Loss and Damage, Climate Finance Raise Concern in South Asia
Observers in South Asia are focusing on limitations in the global climate agreement signed in Paris December 12, pointing to the equivocal promises of support the world’s most vulnerable nations extracted from developed countries after two weeks of intensive negotiations.
“The most vulnerable countries, especially the small island states in the Pacific, want compensation for the losses they face,” reports DawnNews in Pakistan, and the developing world is also impatient with the slow pace at which OECD countries are fulfilling their 2009 promise to deliver $100 billion per year in climate finance by 2020.
Like this story? Subscribe to The Energy Mix and never miss an edition of our free e-digest.
(The Paris Agreement confirmed that minimum annual amount through 2025 and established it as a floor for future discussion.)
“Pakistan, which is repeatedly listed among the ten most affected countries, had also been pushing for the ‘loss and damage’ mechanism in the agreement,” the paper notes. But “on loss and damage the battle seems to have been lost in some way,” Climate Action Network Pakistan’s Kashmala Kakakhel told Khan. “The U.S. got their way by clearly saying there will be no increase in liability or compensation from the Paris agreement. This does not help Pakistan’s case to push for support on dealing with the impacts of climate disasters.”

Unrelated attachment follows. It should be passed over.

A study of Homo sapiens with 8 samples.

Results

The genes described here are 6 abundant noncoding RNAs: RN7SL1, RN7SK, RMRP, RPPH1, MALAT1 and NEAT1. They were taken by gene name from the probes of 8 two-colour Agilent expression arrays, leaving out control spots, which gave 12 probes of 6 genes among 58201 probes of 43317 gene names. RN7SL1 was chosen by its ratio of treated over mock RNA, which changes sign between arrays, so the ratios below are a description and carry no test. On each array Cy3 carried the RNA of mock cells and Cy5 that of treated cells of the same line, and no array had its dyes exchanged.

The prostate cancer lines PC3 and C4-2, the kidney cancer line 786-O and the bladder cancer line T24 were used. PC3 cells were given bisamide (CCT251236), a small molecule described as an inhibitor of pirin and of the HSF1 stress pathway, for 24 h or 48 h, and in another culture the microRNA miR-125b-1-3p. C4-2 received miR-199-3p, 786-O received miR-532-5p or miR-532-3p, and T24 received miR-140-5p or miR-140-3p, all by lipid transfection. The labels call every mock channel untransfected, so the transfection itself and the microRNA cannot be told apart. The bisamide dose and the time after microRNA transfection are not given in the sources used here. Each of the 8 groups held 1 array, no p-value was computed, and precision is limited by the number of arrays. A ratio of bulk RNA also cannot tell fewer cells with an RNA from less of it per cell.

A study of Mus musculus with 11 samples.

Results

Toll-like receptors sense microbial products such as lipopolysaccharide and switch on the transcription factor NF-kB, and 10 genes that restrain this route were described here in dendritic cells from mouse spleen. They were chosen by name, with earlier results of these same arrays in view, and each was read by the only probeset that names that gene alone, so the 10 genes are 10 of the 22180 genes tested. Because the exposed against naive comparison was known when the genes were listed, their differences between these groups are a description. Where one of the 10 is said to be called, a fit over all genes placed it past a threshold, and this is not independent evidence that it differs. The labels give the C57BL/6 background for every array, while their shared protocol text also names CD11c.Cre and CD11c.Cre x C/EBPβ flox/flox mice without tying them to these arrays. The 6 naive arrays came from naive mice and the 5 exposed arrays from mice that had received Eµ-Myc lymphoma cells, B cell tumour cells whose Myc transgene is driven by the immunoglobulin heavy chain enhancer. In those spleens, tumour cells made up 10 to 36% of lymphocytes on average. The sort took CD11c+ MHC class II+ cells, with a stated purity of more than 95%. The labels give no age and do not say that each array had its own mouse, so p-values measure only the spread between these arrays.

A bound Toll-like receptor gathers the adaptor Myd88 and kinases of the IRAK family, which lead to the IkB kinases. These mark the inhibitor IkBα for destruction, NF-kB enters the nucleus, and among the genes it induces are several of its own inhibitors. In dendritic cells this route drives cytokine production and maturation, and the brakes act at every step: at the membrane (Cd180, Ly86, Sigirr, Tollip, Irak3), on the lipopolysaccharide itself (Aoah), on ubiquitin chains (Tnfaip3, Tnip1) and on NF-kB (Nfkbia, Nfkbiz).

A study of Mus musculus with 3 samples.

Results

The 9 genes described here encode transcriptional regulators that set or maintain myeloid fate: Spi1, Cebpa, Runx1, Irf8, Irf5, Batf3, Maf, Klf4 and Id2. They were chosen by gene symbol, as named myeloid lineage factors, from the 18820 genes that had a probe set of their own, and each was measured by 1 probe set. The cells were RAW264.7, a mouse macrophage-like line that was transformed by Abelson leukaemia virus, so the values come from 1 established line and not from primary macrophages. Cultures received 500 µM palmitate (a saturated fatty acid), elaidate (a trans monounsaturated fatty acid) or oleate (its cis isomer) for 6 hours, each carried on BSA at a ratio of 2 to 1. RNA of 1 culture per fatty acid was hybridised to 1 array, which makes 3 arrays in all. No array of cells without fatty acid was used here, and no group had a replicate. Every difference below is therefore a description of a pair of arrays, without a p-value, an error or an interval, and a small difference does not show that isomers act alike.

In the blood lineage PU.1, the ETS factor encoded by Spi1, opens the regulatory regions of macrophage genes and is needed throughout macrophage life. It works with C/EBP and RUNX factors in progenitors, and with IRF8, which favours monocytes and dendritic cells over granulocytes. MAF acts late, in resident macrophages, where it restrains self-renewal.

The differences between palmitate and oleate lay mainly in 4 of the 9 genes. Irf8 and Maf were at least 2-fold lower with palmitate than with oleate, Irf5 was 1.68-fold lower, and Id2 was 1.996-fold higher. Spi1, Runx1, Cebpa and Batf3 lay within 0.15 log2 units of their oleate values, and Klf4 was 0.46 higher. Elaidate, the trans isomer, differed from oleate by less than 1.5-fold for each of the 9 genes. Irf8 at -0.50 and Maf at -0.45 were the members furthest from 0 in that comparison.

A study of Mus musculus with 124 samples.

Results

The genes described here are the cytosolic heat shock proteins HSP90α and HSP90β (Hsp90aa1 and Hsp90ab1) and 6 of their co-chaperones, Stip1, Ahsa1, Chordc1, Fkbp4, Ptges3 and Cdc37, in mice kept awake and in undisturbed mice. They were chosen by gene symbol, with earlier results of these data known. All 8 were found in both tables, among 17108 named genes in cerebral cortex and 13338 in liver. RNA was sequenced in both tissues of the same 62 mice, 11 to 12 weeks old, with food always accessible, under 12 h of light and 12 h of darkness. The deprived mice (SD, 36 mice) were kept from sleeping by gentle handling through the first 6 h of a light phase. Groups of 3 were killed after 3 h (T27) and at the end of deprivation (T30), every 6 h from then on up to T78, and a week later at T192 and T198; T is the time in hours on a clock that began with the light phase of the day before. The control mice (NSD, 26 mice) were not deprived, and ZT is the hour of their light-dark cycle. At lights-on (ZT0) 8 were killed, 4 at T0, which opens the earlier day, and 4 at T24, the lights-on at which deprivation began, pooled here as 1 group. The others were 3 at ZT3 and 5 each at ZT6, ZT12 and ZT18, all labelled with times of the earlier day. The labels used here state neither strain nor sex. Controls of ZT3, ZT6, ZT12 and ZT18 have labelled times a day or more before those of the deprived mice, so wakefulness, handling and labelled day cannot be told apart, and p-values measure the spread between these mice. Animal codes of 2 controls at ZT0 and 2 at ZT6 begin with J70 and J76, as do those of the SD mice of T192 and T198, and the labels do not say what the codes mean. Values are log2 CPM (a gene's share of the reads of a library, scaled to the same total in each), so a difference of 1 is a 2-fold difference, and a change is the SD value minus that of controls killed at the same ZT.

During the summit, the U.S. led a bloc of developed countries that were unwilling to even discuss possible language for eventually addressing their historical responsibility for the vast majority of atmospheric carbon emissions.
The day before the deal was done, based an advanced but not final draft text, civil society organizations from Bangladesh called on most-vulnerable countries to reject the agreement, the Equity and Justice Working Group reported December 11.
Later, at a crucial point in the negotiations, United States Secretary of State John Kerry threatened to pull out of the deal, knowing that an agreement in which financial provisions were mandatory—stated as something developed countries “shall” do, rather than “should” do—would subject U.S. adoption of the Paris Agreement to certain defeat in Congress.